Photo: Fine Arts Museum of San Francisco (FAMSF)
Guest curated by Andre Leon Talley, former Vogue editor-at-large, the exhibit is everything the fashion-obsessed would fathom and laymen would love: Sweeping red-carpet looks worn by your favorite celebrities. Glamorous dresses and coats from the 1960s and beyond. Sumptuous fabrics and embellishments so irresistible that it's tempting to throw the museum guards in a tizzy and touch.
The show is a colorful tribute to the Dominican-born designer's life and work, tracing his five-decade career from the late 1950s and early 1960s when he trained at some of the most prominent European fashion houses, through his formative years working for Balmain (and other chic labels) to the creation of his own line and his ultra-feminine, iconic couture.
De la Renta was known for his romantic artistry and workmanship, and during his career he dressed some of the world's most stylish women, from First Ladies and socialites to movie stars and musicians. The retrospective captures more than 130 pieces of that fashion legacy within thoughtfully edited sections that reflect the designer's various creative stages and inspirations.
On display is some of his earliest work for Balenciaga in Madrid and Lanvin in Paris, then for the New York fashion house Jane Derby, which eventually evolved into de la Renta's eponymous label. The outfits are also grouped according to the designer's eclectic interests, which included gardening and European history—especially his infatuation with 18th century France and Spain's Golden Age. Whether it's a Russian-inspired, fur-trimmed brocaded gown, a botanical-print day dress sprinkled with delicate flowers, or a fiery flamenco skirt with tiered ruffles that harkens back to de la Renta's Latin roots, every ensemble is in line with one of his passions.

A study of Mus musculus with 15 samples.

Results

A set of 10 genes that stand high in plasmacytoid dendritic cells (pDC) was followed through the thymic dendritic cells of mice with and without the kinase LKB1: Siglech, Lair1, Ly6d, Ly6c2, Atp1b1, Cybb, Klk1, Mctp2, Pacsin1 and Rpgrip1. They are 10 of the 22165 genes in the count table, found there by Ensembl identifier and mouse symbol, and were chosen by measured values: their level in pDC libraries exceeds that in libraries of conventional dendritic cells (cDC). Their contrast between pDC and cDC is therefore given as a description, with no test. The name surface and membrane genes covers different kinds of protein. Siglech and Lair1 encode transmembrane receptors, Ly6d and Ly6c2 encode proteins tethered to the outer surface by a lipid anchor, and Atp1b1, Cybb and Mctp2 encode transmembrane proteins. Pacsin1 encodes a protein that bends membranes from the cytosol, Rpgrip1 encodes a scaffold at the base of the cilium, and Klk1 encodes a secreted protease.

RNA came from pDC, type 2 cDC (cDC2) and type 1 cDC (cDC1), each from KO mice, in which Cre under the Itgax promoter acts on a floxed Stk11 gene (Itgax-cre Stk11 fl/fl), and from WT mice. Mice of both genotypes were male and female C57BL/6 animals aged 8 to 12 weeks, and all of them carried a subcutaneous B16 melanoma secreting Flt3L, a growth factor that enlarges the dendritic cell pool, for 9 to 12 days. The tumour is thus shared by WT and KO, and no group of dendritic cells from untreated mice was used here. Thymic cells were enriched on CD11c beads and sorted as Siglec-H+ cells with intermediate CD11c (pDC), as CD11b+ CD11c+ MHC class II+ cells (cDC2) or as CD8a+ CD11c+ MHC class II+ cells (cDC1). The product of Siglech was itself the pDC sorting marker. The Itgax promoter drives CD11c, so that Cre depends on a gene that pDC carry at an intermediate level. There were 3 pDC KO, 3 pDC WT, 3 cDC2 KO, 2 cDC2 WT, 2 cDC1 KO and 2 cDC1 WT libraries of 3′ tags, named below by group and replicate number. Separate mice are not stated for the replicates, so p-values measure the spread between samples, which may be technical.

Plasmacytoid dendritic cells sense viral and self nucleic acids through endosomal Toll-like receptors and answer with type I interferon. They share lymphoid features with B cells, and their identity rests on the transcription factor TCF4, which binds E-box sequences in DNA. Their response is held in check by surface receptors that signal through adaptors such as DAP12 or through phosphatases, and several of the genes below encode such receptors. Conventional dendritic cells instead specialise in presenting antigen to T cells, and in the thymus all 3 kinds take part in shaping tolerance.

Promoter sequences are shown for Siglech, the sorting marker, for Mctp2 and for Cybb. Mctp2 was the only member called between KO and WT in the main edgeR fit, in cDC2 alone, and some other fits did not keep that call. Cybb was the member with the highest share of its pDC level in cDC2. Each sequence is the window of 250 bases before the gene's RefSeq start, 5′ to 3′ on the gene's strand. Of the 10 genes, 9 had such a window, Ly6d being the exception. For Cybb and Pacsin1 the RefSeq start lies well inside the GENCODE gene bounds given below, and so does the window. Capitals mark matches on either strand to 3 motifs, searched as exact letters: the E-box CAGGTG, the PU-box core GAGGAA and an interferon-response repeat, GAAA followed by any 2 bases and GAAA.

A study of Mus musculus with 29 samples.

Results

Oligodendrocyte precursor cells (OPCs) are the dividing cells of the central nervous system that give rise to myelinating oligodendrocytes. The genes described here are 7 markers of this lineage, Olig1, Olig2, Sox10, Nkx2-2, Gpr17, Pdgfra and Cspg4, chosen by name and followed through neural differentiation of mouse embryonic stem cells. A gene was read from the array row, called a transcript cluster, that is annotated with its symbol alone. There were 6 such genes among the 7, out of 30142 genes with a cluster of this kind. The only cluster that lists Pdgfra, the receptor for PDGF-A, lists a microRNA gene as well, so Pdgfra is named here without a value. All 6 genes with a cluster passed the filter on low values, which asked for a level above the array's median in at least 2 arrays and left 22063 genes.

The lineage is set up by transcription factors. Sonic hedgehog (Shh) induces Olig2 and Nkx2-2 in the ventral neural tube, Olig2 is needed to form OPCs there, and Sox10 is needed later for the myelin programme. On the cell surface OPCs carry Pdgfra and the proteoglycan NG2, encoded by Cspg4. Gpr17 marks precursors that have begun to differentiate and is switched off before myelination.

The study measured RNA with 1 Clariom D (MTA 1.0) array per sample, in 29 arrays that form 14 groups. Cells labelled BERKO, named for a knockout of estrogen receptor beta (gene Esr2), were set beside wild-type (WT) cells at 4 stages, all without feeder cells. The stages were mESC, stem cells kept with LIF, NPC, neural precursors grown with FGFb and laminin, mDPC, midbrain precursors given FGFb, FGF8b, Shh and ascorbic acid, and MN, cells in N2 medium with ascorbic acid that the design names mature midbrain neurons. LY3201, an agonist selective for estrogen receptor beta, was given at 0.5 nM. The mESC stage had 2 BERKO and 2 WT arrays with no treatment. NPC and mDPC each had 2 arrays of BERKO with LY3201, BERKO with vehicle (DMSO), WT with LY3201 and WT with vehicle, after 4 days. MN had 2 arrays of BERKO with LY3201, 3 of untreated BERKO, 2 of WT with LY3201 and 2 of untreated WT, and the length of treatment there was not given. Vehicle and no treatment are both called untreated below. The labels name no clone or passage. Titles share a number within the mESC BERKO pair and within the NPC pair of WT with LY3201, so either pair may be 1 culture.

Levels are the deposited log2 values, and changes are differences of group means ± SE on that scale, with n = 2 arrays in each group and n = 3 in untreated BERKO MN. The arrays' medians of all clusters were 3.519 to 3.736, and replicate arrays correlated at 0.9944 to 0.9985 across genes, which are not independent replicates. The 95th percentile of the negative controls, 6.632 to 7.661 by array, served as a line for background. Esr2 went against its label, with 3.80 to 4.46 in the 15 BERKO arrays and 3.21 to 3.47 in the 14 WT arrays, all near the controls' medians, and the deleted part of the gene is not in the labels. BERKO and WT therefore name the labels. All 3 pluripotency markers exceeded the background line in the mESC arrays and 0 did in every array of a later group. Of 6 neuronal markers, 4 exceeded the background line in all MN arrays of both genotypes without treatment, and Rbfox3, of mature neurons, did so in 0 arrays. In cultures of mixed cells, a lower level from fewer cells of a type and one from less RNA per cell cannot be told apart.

"When you're in the exhibition, you feel Oscar all around you," said Diane B. Wilsey, a devoted client and friend of de la Renta's, during a special media preview of the exhibition. "Oscar always wanted to make all women—no matter their shape, size or color—feel beautiful. That was the secret to his success."
Leon Talley, who had been asked by the de la Renta family to curate the show, collaborated for more than a year with fashion historians Molly Sorkin and Jennifer Park. "It's been a labor of love," Talley said of the experience, which included traveling to Spain to trace the designer's roots and culling pieces from various museums around the world, including the MoMA in New York and the Kent State University Museum in Ohio, as well as from the private collections of the designer's most loyal patrons, including actress Sarah Jessica Parker.
Some of the most drool-worthy pieces come from those celebrity wardrobes. Like a white silk faille gown with red rose appliqués worn on the red carpet by Rhianna, or the pale-blue silk tulle number that once clung to Amy Adams' curves. Other treasures include an emerald green taffeta ball dress rocked by Nicki Minaj, a pleated silver lamé gown worn by Jessica Chastain but worthy of Cleopatra, and an elegant pink gown with a sweeping train that showed Taylor Swift's fans her more sophisticated side.
But some of the exhibit's most intriguing looks come straight from the closet of de la Renta's second wife, Annette, for whom he made a one-of-a-kind piece every year. One of her go-to outfits, said Talley, was a rose-adorned black lace dress that she wore over and over again. "When Oscar made a dress he always said to himself, ‘Would my wife love it? Would Annette wear this?' He had total respect for his clients, and although his clothes are opulent, with wonderful textures and details, above everything else he wanted to make clothes that made women happy."
At the moment, Talley's favorite ensemble on display is a black bolero paired with a raffia-lace skirt from the designer's spring 1995 collection. But really, he is in love with everything in the show. And why shouldn't he be? Talley himself had been a close friend and admirer of Oscar's from the mid-1970s, when Talley began his career as a fashion editor, until the designer's death in 2014.
"He was a kind and generous man with impeccable manners and a charming, glamorous personality," said Talley, who choked up as he recalled his budding friendship with Oscar. "When I was in his presence he made me stand taller. I looked up to him as a great source of inspiration."
When you've been sufficiently inspired by the dresses in the exhibit, stop by the gift shop to pick up an Oscar trinket, such as a gorgeous exhibition catalog or a House of de la Renta coloring book.
The Oscar de la Renta retrospective runs May 12th through May 30th at the de Young.